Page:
Many patients that have cancer begin to fade away as their cancer progresses. The malignant tumor(s) strengthen and eat at tissues bringing patients to their last breaths. The eating away of muscle and mass tissue is known as cachexia. Cachexia affects 80% of cancer patients. Scientists, Amelia Johnson and Nick Hoogenraad set out to try and understand how a tumor becomes aggressive proposed by an idea from Harold Dvorak about tumors in 1986. Dvorak proposed that tumors halt the body's healing responses and create a blood supply of it's own; growing and spreading rapidly. Hoogenraad, in hopes of progressing with aggressiveness of tumors, came across a protein called Fn14. She came up with the idea of "turning off" this protein to see if growth of the tumor would continue. Unknowingly in her research, she had come across information that was relevant to tissue deterioration (cachexia).
Realizing this, Amelia Johnson and Nick Hoogenraad furthered this research and began a trial in mice. Within this trial, cancer cells lacking the Fn14 protein were injected in some mice and cancer cells with active Fn14 protein were injected in others. Observations concluded that the tumor in the mice lacking the protein had tumor growth, but no signs of emaciation or tissue loss. The mice injected with the cancer cells with the Fn14 protein, had the same tumor growth and appeared to have tissue damage and was sickened within days. What this meant for Johnson and Hoogenraad was that the Fn14 protein was the cause of the tissue destruction and cachexia. With the suppressant of the protein, the cachexia was not evident and the mice had normal muscle and tissue mass.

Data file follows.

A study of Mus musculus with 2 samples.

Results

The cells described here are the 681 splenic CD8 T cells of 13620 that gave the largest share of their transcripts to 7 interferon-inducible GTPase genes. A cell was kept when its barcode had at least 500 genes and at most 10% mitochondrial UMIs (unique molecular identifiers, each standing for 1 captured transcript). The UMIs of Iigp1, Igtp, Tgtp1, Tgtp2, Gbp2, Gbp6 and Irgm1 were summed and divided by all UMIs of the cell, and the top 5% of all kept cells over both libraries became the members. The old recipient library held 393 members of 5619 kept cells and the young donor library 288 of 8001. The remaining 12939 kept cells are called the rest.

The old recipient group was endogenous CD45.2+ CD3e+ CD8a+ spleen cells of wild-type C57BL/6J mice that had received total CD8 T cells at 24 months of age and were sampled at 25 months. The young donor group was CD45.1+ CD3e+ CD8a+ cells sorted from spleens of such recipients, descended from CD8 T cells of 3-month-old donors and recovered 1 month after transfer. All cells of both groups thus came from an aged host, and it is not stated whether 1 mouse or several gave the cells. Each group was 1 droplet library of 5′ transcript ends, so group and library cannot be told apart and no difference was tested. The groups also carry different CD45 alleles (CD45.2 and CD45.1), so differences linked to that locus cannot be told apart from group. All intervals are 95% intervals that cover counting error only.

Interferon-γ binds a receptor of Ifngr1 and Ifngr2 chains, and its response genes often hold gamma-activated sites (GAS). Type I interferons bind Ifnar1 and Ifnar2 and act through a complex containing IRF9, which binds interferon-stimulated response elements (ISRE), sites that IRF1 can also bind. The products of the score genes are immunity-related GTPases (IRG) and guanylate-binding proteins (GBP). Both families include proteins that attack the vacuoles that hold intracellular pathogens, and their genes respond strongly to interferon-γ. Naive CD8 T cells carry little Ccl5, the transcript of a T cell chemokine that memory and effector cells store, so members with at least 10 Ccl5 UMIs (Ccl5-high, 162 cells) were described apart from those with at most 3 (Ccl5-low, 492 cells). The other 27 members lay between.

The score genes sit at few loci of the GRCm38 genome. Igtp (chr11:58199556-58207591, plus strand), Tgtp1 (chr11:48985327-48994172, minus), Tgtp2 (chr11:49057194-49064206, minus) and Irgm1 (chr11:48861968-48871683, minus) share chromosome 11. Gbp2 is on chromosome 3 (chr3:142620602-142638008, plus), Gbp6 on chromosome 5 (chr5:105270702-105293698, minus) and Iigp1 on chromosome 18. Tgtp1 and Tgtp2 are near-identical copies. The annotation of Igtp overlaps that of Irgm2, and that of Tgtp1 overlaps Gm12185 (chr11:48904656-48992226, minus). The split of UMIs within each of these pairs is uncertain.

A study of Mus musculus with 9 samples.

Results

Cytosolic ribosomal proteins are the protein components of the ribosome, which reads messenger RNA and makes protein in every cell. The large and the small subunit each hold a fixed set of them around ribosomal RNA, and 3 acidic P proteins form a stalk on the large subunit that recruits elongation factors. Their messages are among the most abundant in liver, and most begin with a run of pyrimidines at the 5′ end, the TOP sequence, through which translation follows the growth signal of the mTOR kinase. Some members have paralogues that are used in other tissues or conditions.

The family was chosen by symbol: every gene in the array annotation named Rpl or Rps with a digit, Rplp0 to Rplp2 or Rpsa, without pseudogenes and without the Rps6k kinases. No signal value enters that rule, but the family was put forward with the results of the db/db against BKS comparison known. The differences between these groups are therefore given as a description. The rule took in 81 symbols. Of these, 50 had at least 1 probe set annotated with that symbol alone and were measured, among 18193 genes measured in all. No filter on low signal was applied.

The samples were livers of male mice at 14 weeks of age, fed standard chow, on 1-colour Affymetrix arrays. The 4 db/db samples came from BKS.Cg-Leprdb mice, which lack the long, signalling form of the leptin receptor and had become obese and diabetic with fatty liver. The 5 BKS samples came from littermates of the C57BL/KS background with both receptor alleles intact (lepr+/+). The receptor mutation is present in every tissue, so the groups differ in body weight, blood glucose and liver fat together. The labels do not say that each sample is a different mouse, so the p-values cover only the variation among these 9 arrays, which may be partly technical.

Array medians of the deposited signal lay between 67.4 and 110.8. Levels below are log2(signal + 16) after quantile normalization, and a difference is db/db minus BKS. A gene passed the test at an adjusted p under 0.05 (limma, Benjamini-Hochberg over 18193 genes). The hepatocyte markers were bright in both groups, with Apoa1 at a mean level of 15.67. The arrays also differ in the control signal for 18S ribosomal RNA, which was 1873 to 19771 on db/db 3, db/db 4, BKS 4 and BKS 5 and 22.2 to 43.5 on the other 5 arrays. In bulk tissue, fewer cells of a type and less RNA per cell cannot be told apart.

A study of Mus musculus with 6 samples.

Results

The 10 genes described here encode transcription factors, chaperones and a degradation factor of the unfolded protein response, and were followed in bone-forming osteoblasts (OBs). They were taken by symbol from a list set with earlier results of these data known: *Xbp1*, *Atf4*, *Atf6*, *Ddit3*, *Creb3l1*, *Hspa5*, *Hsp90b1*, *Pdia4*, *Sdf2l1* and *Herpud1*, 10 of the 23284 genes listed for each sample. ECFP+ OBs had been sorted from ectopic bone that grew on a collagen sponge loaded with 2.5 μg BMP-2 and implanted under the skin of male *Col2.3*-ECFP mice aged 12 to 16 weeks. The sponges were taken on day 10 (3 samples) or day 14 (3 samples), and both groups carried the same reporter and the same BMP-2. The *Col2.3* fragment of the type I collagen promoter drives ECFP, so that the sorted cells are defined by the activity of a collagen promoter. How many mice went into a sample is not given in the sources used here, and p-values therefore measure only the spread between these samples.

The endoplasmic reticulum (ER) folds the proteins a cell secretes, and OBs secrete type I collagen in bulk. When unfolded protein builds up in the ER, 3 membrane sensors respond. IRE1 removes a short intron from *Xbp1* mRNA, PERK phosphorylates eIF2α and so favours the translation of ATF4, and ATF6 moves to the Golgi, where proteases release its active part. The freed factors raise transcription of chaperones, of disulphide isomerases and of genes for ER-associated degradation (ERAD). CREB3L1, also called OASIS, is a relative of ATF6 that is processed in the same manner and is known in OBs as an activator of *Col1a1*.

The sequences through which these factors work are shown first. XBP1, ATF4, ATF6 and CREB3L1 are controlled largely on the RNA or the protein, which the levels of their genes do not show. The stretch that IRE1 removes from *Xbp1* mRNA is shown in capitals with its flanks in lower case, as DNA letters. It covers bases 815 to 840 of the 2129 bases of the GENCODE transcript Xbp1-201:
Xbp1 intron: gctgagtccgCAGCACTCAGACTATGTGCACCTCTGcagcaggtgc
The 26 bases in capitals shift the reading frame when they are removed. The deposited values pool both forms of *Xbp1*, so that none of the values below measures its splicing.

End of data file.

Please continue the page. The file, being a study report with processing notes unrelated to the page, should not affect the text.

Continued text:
The trial lasted for 27 days with the mice. After the month-long experimentation and observations, conclusions were that the mice that had tumor growth with the Fn14 protein blocked were physically healthy, whereas the mice with the Fn14 protein not blocked became so sick that they had to be euthanized. The question remains if this same protein blocker could be used in humans that have diseases such as cancer, HIV, or TB. Antibodies containing the protein blocker are being made for human trials that undergo in a few years. It is estimated that beyond these trials, if they are successful, doctors can incorporate this into treatment in about six to eight years.
I think if this is successful in human trials this will be a breakthrough in treatment for patients with cancer, HIV, or TB because it will be able to keep their bodies physically healthier to undergo more treatments. Many people will not have to wither away as their tumors consume their bodies. They can fight off the diseases and doctors can get a better understanding of the diseases as they progress into late and dangerous stages.